11th November 2021

Market Update


A few months ago we highlighted that September and October have, on average, tended to produce poor returns, an effect known as seasonality. We also noted that averages are just that, and not necessarily predictive of future outcomes. Thus, we recommended remaining fully invested in risk assets even if, as Halloween loomed, there might have been the odd bump in the night. Although equities experienced a five percent correction during the period, it did not develop into anything more serious, and as October finished many equity indices were standing at all-time highs. Sadly, the UK market was not amongst them, and, owing largely to its historical and current composition, still has some ground to make up. Even so, it too has participated in the continuing rally.

November, December and January have tended to deliver much better returns historically, with pre-Christmas gains dubbed a “Santa Claus rally”; and new money often enters the market in January, adding to those gains. Given what we have experienced in the last couple of years, it would be typical of the investing gods to turn those odds against us!

Indeed, and not just in defiance of those long-term averages, we do believe that a bit more caution is called for in the short term. Admittedly, we are also aware of another old saying that a “bull market climbs a wall of worry”, however, there comes a point at which the evidence we are weighing begins to tip the scales more decisively in one direction.

The two overriding factors for investors to take into account currently remain the path of inflation and central banks’ reaction to it. We have written in some depth in past commentaries about the factors that are behind the current rise in consumer prices. To begin with, it was clear many months in advance that we would experience a sharp rise in spring of this year owing to the collapse in average prices a year earlier during the initial COVID lockdown. That was expected to be a short-lived statistical quirk, and central bank chiefs adopted the term “transitory” to emphasise that they would not react to it in the traditional manner by tightening monetary policy. This was a well-intentioned move to provide forward guidance as to the supportive nature of policy as we recovered from the COVID-related recession.

So far, so straightforward. However, an extraordinary combination of new factors has conspired to keep inflation indices elevated for a much longer period. These include supply chain disruption in both sea-borne container shipping, and land-based freight transportation at a time of increased demand for goods; labour shortages, which are largely COVID-related, but exacerbated in the UK by Brexit; and a huge squeeze higher in energy prices which stems to some degree from the transition to more sustainable sources of power. Prices for many food crops have also risen substantially, too, again owing to either droughts, floods or freezing.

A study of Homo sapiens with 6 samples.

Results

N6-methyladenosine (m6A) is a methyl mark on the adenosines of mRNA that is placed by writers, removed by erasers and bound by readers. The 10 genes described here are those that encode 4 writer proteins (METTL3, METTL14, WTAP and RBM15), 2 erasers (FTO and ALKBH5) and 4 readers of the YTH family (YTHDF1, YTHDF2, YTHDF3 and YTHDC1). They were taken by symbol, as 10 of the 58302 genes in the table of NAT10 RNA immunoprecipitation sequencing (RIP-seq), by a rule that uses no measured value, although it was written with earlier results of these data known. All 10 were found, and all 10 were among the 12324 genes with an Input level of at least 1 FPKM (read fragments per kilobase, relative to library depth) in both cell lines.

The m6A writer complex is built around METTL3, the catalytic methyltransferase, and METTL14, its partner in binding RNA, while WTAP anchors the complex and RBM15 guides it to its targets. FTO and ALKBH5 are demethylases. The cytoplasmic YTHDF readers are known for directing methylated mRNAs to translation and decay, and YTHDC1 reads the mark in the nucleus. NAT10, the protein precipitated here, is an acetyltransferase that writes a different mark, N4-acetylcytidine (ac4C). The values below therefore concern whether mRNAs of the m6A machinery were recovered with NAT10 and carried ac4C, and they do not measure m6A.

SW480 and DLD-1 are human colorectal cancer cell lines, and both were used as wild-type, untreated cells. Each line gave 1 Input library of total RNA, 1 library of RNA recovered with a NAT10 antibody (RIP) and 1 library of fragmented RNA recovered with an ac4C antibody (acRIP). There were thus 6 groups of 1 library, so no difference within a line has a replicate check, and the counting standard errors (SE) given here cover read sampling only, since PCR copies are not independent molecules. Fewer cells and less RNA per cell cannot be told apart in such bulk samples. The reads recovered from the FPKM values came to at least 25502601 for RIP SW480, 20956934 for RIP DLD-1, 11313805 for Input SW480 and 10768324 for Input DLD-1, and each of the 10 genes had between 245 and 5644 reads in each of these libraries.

It is still not abundantly clear whether this is the beginning of a more persistent period of elevated inflation, but central banks are increasingly unwilling to take any chances. They are particularly concerned that expectations of higher future inflation will become more ingrained, and that this will lead to calls for higher wages to compensate which would lead to a classic wage/price spiral. Consequently, the US Federal Reserve announced earlier this month that it will start to reduce its asset purchase programme during November, and whilst the Bank of England’s Monetary Policy Committee declined to raise the UK interest rate at the same time, markets are still expecting base rate increases over coming months. In many ways these are welcome moves because they signal the end of the emergency period embracing the pandemic, but they also constitute a tightening of liquidity conditions which begins to soften the strong tailwind that has propelled financial assets higher.

Conclusion and Outlook

With monetary policy tightening now (at least in the US, with the UK surely to follow) it suggests that the period of peak positive earnings has passed, and it is time for investment managers be more circumspect in their outlook.

That does not preclude further gains for risk assets, so it is important to ensure any investments are managed properly and in line with expert advice, particularly as there is also a higher risk of market volatility and larger drawdowns in the short term.

For the longer term, we still believe that a healthy exposure to equities will remain the optimal way in which in which to defend wealth against inflation – so staying invested, with the right advice, is the best way to meet the inflation challenge.

If you have any questions regarding this update or your own financial planning needs,  please do not hesitate to get in touch on 0117 450 1300.